Walmart and Best Buy Place Their Bets and Position Themselves For Their Next Battle

By Ben Smith


The next big thing in TV’s, the largest category in Consumer Electronics, isn’t going to be 3D.  So put the dorky glasses down and think about what recent moves by the big boys signify.


The next battleground for hearts, minds and wallets of consumers will be connected / internet TV.  Don’t get hung up on the idea that these moves by BBY and WMT are solely focused on the consumer demand for the added features that connected TV’s provide.  Here’s how we see things playing out:

Short term: the need to address consumers growing desire for streaming video is important.  Walmart and Best Buy are gaining access to existing relationships & infrastructures to offer their customers access to their own branded digital video services.

Near term: Walmart and Best Buy are already the leading retailer of TV’s.  Best Buy has an obvious opportunity to integrate Tivo capabilities & connectivity into their own Insignia line of TV’s.  It is not a stretch to think that both Walmart and Best Buy persuade leading TV vendors to integrate these services into TV’s for sale in their respective stores.

Long term: the bigger picture of these moves is about more closely connecting the retailer to the consumer in their home.  In a fragmented media world where it is increasingly difficult to reach consumers via traditional means, Walmart and Best Buy are hard wiring themselves to their consumers.  These new platforms enable a retailer to not only offer the obvious of streaming movies & other digital downloads, but also positions them to take advantage of future advances in connectivity and digital offerings, including ones geared around shopping at home.

For more speculation on retailers connected TV & on demand services, check out these articles:

Now that is about as far as I can go without staying from the mission of Retail Leverage. We know that our readers value that we help keep them informed on big picture news that has retail impact, but we aren’t really focused on the product or technology.  The reason I share this article with you is that you don’t have to be selling TVs or set top boxes to walk away with ideas that you can apply in your own brand/business.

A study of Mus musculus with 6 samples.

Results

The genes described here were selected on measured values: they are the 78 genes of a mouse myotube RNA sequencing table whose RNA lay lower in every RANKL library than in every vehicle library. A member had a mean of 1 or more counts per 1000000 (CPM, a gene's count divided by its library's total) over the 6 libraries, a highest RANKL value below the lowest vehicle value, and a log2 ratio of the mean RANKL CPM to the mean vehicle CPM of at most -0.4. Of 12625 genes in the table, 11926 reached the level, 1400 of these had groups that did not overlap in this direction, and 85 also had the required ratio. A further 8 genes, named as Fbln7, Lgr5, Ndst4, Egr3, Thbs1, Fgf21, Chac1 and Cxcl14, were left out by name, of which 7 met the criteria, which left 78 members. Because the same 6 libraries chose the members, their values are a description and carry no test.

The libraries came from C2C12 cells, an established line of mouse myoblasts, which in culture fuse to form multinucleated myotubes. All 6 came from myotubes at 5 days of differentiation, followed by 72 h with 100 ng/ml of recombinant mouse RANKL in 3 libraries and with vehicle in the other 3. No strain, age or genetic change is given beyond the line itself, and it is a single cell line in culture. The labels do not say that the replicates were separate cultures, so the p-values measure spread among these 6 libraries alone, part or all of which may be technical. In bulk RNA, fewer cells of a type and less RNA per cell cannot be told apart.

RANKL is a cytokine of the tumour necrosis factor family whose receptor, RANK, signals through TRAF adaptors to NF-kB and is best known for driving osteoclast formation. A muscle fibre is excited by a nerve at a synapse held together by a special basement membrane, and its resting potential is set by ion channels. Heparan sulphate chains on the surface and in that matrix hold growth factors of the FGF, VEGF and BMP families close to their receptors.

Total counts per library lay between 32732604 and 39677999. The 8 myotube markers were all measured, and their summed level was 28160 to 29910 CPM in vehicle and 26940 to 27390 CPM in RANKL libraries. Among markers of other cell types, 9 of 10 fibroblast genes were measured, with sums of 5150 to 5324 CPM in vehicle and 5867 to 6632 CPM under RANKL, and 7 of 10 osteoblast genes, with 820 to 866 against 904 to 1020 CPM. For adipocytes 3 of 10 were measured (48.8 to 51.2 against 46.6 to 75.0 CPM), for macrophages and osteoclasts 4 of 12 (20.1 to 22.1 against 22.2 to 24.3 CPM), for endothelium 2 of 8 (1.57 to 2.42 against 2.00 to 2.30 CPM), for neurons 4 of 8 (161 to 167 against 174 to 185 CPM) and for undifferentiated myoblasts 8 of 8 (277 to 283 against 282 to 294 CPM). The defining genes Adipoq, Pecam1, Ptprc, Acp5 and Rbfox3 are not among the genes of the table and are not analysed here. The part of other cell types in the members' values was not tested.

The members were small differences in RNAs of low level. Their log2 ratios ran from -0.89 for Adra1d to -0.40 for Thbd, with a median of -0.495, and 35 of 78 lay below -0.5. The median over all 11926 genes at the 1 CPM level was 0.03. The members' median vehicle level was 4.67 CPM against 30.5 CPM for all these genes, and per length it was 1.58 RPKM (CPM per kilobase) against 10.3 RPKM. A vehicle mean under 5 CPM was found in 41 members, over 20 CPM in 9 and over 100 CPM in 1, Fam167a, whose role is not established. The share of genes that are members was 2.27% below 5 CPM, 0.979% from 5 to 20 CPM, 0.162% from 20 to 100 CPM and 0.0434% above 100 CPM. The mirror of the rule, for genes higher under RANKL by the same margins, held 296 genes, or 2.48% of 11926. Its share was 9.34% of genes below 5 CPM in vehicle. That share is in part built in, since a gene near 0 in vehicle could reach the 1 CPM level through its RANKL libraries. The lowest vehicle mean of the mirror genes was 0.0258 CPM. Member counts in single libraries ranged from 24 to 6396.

The key lesson here in the pursuit of Retail Leverage is to ask (and answer) the question – “How can I advantage a particular retailer versus their competition?”

Look at the lengths that Walmart and Best Buy are going to position themselves against each other in the connected TV space.  Walmart’s strategy involves acquiring a company (VuDu), and Best Buy’s strategy involves entering into an exclusive relationship (Tivo).

The real story is the retailers fight against each other.  Get over the battle you are fighting against other brands – THE RETAILER DOESN’T CARE.

Fortunately though, you don’t have to be in a category that is in the cross-hairs of retailer corporate strategy teams to be able to employ the “advantage” strategy.  Simply put, If you want to get the buyer’s attention, bring something to them that strengthens their hand versus their competition.

As assortments narrow and the tentacles of private label expand, brands are being forced to make bigger bets on specific retailers, product lines, and skus. Too often, people wait to make tough decisions until their hand is forced, and sometimes it is too late.  While the “advantage” strategy might not be right for you at this time, you can learn a great deal from the exercise.  Good luck!